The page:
The development was set to treble the size of the famous south-west London tennis site, adding a new Wimbledon show court and 38 other grass tennis courts with temporary seating for the All England Lawn Tennis Ground (AELTG).
But while the majority of the scheme (90 per cent of the 29.5ha site, including its landmark show court) sits in the borough of Merton, a number of the proposed tennis courts lie just north of the borough’s boundary, in Wandsworth.
The proposed development was approved by Merton Council on 26 October but Wandsworth planning officers have recommended the application for refusal. It will be considered by the council’s planning committee next Friday (24 November).
The application must be approved by both councils if it is to go ahead.
A Wandsworth planning officer’s report said the Wimbledon development should be rejecrted as it ‘would constitute inappropriate development’, which would not be mitigated by ‘any Very Special Circumstances’.
The report read: ‘The proposed development would result in the net loss of open space/green infrastructure by reason of the development of substantial areas of parts of the site that are primarily grass, with no replacement provision provided.’
It added: ‘It is not considered that the benefits of the development clearly outweigh the harm caused by the loss of open space.’
Allies and Morrison submitted its designs for an 8,000-capacity ‘parkland’ show court venue in July 2021.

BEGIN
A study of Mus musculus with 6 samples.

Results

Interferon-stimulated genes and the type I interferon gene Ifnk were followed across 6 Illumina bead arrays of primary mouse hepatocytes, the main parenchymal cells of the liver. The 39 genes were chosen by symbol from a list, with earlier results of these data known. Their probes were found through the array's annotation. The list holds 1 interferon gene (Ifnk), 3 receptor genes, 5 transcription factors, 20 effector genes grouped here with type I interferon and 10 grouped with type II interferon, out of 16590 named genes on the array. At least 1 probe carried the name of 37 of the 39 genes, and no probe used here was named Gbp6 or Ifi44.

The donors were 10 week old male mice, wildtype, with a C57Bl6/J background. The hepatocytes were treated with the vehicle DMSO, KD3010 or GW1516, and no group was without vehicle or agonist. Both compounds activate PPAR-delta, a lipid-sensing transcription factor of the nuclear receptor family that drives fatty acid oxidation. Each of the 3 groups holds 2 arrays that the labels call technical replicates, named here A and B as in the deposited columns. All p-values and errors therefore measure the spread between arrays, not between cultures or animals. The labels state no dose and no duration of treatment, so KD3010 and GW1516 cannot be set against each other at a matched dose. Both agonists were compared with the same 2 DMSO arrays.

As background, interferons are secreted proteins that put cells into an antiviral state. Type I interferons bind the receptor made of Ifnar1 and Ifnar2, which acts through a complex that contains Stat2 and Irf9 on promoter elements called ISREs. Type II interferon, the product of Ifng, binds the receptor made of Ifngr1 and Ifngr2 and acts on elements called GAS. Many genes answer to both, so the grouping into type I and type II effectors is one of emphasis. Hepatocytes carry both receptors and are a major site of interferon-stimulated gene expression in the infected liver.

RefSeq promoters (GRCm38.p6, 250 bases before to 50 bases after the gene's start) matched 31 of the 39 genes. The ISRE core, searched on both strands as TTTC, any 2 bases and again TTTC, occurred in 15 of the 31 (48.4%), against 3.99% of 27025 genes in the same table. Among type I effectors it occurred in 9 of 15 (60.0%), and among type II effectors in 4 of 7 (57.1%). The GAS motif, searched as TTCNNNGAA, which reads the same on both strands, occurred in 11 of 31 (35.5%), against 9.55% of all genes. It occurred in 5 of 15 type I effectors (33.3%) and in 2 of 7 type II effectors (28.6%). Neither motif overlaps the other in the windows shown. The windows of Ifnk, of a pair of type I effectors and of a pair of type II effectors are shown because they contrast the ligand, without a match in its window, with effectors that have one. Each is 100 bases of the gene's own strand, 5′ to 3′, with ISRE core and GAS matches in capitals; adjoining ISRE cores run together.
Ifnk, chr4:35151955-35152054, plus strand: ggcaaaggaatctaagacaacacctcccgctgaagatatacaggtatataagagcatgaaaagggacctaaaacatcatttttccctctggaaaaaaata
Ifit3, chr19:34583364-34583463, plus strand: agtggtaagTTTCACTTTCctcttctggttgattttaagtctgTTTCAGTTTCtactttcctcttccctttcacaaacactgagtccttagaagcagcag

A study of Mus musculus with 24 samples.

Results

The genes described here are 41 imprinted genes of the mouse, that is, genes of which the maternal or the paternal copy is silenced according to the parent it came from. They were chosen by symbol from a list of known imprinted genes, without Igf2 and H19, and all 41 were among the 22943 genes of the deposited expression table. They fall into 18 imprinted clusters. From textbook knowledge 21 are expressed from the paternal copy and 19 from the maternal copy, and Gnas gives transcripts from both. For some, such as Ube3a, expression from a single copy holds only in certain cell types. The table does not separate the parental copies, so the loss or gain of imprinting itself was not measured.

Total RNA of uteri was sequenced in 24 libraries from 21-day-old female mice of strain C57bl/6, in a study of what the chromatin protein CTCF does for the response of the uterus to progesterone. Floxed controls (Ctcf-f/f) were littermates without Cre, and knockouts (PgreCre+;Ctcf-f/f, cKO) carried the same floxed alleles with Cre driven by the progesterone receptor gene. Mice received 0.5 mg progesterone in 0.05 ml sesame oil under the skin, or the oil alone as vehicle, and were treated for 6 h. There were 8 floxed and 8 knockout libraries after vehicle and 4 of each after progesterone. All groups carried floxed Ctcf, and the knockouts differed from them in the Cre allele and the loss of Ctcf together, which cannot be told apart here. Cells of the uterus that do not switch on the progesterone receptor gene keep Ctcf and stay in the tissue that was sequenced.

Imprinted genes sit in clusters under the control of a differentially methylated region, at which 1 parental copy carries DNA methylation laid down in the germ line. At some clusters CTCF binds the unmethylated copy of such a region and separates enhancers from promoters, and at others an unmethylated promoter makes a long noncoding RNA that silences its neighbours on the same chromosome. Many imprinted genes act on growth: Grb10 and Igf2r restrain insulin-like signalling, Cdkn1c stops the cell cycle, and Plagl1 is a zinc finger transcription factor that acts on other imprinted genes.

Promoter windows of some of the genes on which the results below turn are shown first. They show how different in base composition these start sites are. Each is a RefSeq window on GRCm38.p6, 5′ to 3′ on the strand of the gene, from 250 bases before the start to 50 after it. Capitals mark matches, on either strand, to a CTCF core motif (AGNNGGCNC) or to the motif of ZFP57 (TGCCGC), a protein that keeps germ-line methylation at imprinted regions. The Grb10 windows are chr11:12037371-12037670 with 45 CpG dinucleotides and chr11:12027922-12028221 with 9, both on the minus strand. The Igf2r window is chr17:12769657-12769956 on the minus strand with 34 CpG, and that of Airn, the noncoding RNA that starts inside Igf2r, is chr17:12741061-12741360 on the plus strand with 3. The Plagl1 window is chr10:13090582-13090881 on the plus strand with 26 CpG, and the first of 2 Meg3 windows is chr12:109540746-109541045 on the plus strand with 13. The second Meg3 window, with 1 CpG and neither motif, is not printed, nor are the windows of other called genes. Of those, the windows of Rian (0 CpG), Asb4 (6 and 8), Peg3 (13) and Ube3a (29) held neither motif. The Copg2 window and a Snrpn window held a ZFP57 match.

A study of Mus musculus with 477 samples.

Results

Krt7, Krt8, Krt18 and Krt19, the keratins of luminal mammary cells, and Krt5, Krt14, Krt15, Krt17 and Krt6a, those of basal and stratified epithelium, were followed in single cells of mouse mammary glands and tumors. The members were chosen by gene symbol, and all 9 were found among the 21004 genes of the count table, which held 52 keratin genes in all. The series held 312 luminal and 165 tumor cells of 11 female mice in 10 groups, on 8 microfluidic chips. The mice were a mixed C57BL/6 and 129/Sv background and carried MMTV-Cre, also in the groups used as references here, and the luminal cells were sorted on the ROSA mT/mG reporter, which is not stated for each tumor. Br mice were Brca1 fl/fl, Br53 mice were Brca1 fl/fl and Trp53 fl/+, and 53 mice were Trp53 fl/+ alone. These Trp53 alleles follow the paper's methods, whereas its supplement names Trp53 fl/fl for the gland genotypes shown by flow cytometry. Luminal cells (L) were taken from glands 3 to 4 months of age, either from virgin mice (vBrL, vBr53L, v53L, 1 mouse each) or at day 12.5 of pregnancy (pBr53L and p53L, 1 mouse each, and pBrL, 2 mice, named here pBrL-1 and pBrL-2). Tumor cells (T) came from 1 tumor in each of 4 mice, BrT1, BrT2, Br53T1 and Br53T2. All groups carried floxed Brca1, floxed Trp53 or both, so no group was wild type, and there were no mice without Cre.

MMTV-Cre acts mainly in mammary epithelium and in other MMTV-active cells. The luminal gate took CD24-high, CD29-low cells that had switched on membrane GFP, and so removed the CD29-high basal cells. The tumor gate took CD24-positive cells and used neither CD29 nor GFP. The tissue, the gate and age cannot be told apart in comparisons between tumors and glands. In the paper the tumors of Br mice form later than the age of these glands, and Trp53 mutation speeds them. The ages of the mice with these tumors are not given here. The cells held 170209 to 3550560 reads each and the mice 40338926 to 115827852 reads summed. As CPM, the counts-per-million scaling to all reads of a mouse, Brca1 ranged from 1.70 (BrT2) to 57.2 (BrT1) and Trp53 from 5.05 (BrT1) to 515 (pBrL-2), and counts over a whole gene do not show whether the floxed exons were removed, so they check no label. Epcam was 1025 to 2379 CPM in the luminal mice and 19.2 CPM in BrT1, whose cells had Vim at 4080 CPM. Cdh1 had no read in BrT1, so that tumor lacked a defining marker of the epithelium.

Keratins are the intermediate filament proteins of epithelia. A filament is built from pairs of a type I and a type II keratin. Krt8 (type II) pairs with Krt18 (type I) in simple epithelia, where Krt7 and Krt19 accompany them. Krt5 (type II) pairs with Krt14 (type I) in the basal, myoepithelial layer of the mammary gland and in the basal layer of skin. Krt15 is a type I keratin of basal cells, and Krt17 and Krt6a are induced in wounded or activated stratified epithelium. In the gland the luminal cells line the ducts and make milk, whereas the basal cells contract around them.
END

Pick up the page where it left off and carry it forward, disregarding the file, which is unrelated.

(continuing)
The proposed court, which features a retractable roof and sits in a ring of oak trees, would become the tennis club’s third-largest court after Centre Court and Court One, bringing Wimbledon in line with other grand slam venues.
But the plans proved controversial, with objectors opposing building on the Grade II* listed Registered Park and Garden (RPG), landscaped by Capability Brown in the 18th century.
More than 2,000 objections to the scheme were submitted to Merton Council while a change.org petition to ‘Save Wimbledon Park’ has attracted more than 14,000 signatures.
Conservation groups including SAVE Britain’s Heritage, Friends of Wimbledon Park and the Capability Brown Society were among the objectors, as well as a number of residents’ associations and numerous local councillors.
SAVE Britain’s Heritage insisted it ‘strongly supported the principle’ of restoring the historic landscape on the site but claimed the complex of 38 tennis courts and show court would ’cause substantial harm to the character and significance’ of Wimbledon Park.
Meanwhile, Historic England previously told the AJ that the site’s development ‘could bring benefits to the Grade II* Registered landscape of Wimbledon Park’, but added: ‘We still have concerns about the overall scale and extent of the proposed new structures on this special landscape.’
The AELTC has said that the new venue would allow it to bring its qualifying tournament to Wimbledon’s main site, instead of nearby Roehampton, provide more resilience in the tournament schedule, and increase viewing opportunities for the public with more unreserved seats available to anyone with a grounds pass.
The plans include opening up 9.4ha of parkland to the public including the restoration of the Serpentine Lake and the planting of 1,000 trees.
Architect Ruth Edwards, senior project manager at the All England Club, previously described the project as ‘a once in a lifetime architectural, landscape, heritage, and engineering opportunity’.
It was made possible after the club purchased 28ha of land from the neighbouring Wimbledon Park Golf Club in 2018 for £65 million.